AT&T hasn’t stopped charging businesses for advertising and enhanced listings in the white pages of the “real phone book” but Historic City News wonders how many of those advertisers are aware of a unanimous PSC decision today that allows the phone company not to distribute the white pages to telephone customers?
The Public Service Commission on Tuesday granted ATT a two-year break from the rule that requires the company to hand out printed copies of the White Pages, possibly foreshadowing the end of an era in which generations of short children were boosted to the table by sitting on a phone book.
ATT said, essentially, nobody really uses the White Pages much anymore, but Historic City News has confirmed that advertisers are not being relieved of their contracts to pay for white pages advertising.
Between the fact that people have most of the numbers they need stored in their cell phone, that numbers are widely available online and that people who are using those cell phones have a tendency to call directory assistance, the company thinks it should not be required to continue to give out big books for free, only to have them be immediately recycled by many customers.
Under the two year waiver approved by regulators today, the company will still have to print some residential phone books and make them available for free to anyone who asks. But it won’t automatically deliver them to customers.
The Yellow Pages, which the company said is more widely used, will continue to be published in the print edition and delivered to homes whether people want it or not.
This begs a question. If you are going to continue to pay to distribute one part of the book, why not distribute the rest? Businesses are paying AT&T for bold, super-bold and color listings in the white pages; the same as they do for the yellow pages.
In case you aren’t in business or have never purchased advertising from the phone company, it ISN’T cheap. It can be hundreds or thousands of dollars every year and the phone company uses their virtual monopoly to pit one business advertiser against the other — hoping to start a war for the most predominant ads.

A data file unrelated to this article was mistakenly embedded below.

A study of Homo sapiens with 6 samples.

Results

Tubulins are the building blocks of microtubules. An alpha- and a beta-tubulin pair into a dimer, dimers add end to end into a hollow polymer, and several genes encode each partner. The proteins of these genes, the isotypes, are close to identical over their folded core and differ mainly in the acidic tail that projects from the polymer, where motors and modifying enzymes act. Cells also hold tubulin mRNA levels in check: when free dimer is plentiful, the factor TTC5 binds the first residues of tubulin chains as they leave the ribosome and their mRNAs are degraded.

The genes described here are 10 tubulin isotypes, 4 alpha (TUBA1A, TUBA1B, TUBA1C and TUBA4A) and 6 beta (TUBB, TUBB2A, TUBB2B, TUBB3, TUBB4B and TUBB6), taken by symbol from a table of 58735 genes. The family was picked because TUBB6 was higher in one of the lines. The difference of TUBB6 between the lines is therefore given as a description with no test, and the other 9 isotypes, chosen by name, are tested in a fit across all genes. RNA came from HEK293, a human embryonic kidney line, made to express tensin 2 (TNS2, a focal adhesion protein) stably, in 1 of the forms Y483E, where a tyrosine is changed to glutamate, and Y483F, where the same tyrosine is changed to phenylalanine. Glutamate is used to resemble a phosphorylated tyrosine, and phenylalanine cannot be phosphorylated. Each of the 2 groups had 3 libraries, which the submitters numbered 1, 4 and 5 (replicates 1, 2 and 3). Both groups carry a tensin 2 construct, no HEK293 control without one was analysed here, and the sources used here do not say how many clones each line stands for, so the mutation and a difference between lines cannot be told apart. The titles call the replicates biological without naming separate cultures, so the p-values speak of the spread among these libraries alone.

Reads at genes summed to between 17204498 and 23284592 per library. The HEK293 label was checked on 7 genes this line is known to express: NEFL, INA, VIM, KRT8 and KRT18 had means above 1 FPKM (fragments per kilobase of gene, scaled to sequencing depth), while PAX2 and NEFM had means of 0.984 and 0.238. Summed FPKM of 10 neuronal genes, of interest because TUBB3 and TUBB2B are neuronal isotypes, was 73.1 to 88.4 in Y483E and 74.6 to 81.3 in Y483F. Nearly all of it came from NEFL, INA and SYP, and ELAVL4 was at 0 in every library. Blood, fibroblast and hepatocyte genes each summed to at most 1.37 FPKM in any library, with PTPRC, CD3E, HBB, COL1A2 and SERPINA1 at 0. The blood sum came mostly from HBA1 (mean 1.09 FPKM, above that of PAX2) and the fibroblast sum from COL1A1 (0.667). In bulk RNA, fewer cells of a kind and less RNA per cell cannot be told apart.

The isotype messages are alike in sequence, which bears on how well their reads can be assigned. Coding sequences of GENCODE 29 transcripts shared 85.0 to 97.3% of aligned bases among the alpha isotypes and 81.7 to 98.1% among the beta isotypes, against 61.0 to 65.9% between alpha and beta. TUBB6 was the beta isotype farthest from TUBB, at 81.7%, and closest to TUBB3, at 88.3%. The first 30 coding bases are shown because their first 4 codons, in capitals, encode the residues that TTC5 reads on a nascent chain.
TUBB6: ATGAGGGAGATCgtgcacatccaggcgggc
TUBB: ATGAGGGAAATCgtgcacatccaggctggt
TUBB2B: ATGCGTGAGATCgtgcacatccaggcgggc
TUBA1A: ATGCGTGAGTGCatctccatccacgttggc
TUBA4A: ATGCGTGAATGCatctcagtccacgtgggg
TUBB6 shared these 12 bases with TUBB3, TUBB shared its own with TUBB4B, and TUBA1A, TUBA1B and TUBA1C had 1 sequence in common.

Also, the phone company covets its proprietary database of white pages listings; the telephone numbers and associated names and addresses that competing publishers use to produce smaller, less widely distributed “community” phone books.
The AT&T phone book is free to you and me, but competitors pay dearly if the phone company approves them to purchase a copy of the information from them at all.
Companies like Acxiom and others have gotten into litigation with Ma Bell over the practice of optically scanning free telephone books to harvest the freely available information when it was distributed in the form of printed white pages phone books.
Not only is the cost of white pages advertising NOT expected to decrease as a result of AT&T’s latest maneuver, but, it is unlikely that AT&T will lower the cost of phone service to its millions of customers who no longer will automatically receive the white pages listings for their calling zone.
Hey, there’s always 4-1-1; if you’ve got a couple of bucks each time you need a number.
So a big “heads up” to advertisers in St. Johns County. AT&T started to sell our August 2009 telephone book last week. If you are planning to sign a contract for white pages advertising, be sure you get the details, check the rates and understand your financial obligation to AT&T Publishing.
The question of whether the change will be made permanent will be determined by what the commission finds in the two year trial period.